Business After more than 300 GPs ended their partnerships with Virgin Care on ethical grounds, healthcare experts have issued fresh warnings to commissioners to be “careful” of getting involved in commercial interests.

Healthcare experts have raised fresh concerns over potential conflicts of interest in clinical commissioning groups (CCGs), after more than 300 GPs ended their partnerships with Virgin Care on ethical grounds.

Pharmacists and doctor organisations urged GP commissioners to be "careful" of getting involved in commercial interests, following news last week that GPs had begun to sever ties with Virgin Care more than 18 months ago – citing fears over the "perception of potential conflicts of interest" with commissioning duties.

The comments came after a poll of C+D readers revealed concerns over the role of CCGs. Of the 45 readers polled, more than three quarters thought CCGs would have a commercial conflict of interest.

"The whole new landscape is fraught with problems... I can't see a clear path that isn't coloured in some way by some influence" Andrew McCoig, Croydon LPC


Croydon LPC secretary Andrew McCoig said conflict of interest was "inevitable" under the new NHS structure.

"I think the whole new landscape is fraught with problems over the [any qualified] provider model and I can't see a clear path that isn't coloured in some way by some influence," he argued. "It's impossible to sidestep that the CCG managers will be providing services themselves, or know people providing services."

The BMA agreed that GPs would have to be "even more careful" with conflict issues under the reforms and said commissioners would have to "ask themselves questions" as to whether they should be in a partnership with a service provider. But it stressed that there was also a responsibility on other providers to act ethically.

"Commercial companies have to be careful as well and make sure their contracts don't place any professional in a position where there might be a conflict of interest," a BMA spokesperson told C+D.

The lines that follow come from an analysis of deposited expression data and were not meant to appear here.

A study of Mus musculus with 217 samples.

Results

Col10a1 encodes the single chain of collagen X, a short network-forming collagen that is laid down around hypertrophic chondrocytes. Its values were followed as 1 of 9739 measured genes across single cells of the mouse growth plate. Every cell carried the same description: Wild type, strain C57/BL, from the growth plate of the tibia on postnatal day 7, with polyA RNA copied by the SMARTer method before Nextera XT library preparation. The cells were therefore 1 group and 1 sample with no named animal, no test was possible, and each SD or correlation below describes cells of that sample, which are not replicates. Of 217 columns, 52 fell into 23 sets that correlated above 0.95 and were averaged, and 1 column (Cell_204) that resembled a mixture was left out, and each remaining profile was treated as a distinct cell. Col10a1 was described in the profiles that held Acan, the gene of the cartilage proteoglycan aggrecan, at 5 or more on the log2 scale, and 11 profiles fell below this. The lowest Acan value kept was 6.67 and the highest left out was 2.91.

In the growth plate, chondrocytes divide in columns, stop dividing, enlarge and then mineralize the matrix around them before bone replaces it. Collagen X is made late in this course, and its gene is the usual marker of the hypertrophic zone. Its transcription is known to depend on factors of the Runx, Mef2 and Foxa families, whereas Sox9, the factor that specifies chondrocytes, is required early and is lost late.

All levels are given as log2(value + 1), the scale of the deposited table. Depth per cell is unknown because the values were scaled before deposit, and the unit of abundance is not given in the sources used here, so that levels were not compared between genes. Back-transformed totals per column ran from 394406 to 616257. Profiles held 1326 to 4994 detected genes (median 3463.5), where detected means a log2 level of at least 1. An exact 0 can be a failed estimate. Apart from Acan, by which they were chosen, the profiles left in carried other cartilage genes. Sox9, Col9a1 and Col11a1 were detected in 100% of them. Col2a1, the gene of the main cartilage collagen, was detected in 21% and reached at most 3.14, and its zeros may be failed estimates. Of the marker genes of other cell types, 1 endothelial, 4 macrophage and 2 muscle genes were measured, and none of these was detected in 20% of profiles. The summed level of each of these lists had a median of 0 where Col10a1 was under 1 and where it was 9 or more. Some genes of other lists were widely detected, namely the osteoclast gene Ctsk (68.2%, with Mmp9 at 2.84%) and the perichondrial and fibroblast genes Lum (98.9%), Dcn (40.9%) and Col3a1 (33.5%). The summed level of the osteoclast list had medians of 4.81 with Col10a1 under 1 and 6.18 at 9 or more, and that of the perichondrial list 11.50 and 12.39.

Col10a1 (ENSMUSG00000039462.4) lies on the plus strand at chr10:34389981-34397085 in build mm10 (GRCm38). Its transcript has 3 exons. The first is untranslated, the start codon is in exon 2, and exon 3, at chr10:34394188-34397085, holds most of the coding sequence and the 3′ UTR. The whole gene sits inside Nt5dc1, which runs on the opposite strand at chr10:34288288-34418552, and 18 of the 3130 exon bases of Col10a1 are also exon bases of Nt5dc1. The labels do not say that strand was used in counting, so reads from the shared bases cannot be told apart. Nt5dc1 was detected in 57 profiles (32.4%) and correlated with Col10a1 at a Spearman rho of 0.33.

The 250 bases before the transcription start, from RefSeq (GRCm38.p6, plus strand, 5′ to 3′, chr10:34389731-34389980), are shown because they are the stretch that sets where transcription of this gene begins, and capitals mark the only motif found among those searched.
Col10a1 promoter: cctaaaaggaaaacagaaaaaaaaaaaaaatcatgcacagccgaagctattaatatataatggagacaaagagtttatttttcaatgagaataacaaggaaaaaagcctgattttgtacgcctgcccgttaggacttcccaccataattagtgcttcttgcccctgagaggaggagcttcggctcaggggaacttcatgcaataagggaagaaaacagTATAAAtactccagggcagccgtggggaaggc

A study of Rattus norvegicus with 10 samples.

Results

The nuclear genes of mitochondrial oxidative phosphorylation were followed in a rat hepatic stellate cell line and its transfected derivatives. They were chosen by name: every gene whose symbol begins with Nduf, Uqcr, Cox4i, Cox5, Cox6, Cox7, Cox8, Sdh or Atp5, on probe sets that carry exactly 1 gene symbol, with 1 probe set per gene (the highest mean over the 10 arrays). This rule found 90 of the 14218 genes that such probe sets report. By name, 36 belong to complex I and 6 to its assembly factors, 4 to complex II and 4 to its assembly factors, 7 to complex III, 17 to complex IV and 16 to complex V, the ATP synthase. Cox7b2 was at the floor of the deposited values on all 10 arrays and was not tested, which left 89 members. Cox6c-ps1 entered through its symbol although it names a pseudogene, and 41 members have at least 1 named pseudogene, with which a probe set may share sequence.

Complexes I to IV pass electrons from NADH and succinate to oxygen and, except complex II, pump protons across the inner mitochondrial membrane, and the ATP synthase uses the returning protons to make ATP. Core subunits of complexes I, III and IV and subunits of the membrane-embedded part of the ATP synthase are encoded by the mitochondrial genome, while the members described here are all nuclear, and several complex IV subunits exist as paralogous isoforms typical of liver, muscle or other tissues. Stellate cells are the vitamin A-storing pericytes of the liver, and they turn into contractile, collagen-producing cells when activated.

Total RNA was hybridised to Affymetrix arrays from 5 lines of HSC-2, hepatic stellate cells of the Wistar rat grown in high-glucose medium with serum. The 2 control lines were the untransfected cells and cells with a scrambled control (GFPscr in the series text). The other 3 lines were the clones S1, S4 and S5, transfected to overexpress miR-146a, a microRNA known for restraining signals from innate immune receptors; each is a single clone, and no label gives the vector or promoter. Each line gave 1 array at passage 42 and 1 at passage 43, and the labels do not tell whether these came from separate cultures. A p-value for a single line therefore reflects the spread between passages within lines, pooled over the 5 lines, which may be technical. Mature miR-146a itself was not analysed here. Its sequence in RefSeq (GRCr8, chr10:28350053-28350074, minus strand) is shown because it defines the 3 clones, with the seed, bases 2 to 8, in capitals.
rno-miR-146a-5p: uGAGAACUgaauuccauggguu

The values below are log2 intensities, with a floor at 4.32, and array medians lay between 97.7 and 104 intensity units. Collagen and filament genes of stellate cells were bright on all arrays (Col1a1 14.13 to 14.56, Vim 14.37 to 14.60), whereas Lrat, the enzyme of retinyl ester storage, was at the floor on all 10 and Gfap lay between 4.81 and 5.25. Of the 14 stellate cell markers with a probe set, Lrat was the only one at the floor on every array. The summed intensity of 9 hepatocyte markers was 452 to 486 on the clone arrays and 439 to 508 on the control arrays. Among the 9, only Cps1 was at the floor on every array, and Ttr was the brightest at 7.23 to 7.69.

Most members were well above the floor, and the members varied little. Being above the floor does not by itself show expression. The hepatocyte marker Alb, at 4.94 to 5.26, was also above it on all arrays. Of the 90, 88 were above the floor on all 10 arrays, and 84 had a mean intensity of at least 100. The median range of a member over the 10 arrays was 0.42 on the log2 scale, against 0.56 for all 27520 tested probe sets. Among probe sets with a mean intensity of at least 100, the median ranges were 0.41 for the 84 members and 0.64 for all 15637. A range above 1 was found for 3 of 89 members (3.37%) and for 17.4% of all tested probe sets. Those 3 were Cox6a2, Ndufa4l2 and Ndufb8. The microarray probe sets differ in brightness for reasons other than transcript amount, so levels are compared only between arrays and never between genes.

Meanwhile, PSNC called for tight regulation of CCGs to ensure decisions were made on a strictly clinical basis, in its response last week to the Department of Health's consultation on Securing best value for NHS patients.

"Where commissioners are also providers of services, there is clearly a risk that decisions will be clouded by commissioners' personal and business interests," said PSNC head of regulation Steve Lutener.

The new NHS must have "robust governance" and "proactive disclosure of self interest by commissioners", PSNC stressed. It called for watchdog Monitor to have powers to ban individuals from commissioning bodies, paying particular attention to commissioners who had interests as providers.

GPs' decision to sever ties with Virgin Care has meant that they will no longer have 50/50 control over the provider companies, known as GPCos, which are contracted to provide local primary care and community services.

Virgin Care said it was going to focus on providing services directly.



How can commissioners avoid conflicts of interest?


Ramesh Menon, Community pharmacist

CONFLICT OF INTEREST... It is laughable that we still discuss GPs must avoid conflicts of interest on CCGs.. When CCG's where first announced may of us raised this issue to deaf ears. Every top officials are aware of this and would not want to do anything about it. When this becomes a monster of a problem then we will make some changes and iam sure by that time it would have been too late.

Yo Palumeri, Community pharmacist

What conflict on interest, I just decalre it in the meeting and give the services to my colleagues and excuse myself from making the decsion directly.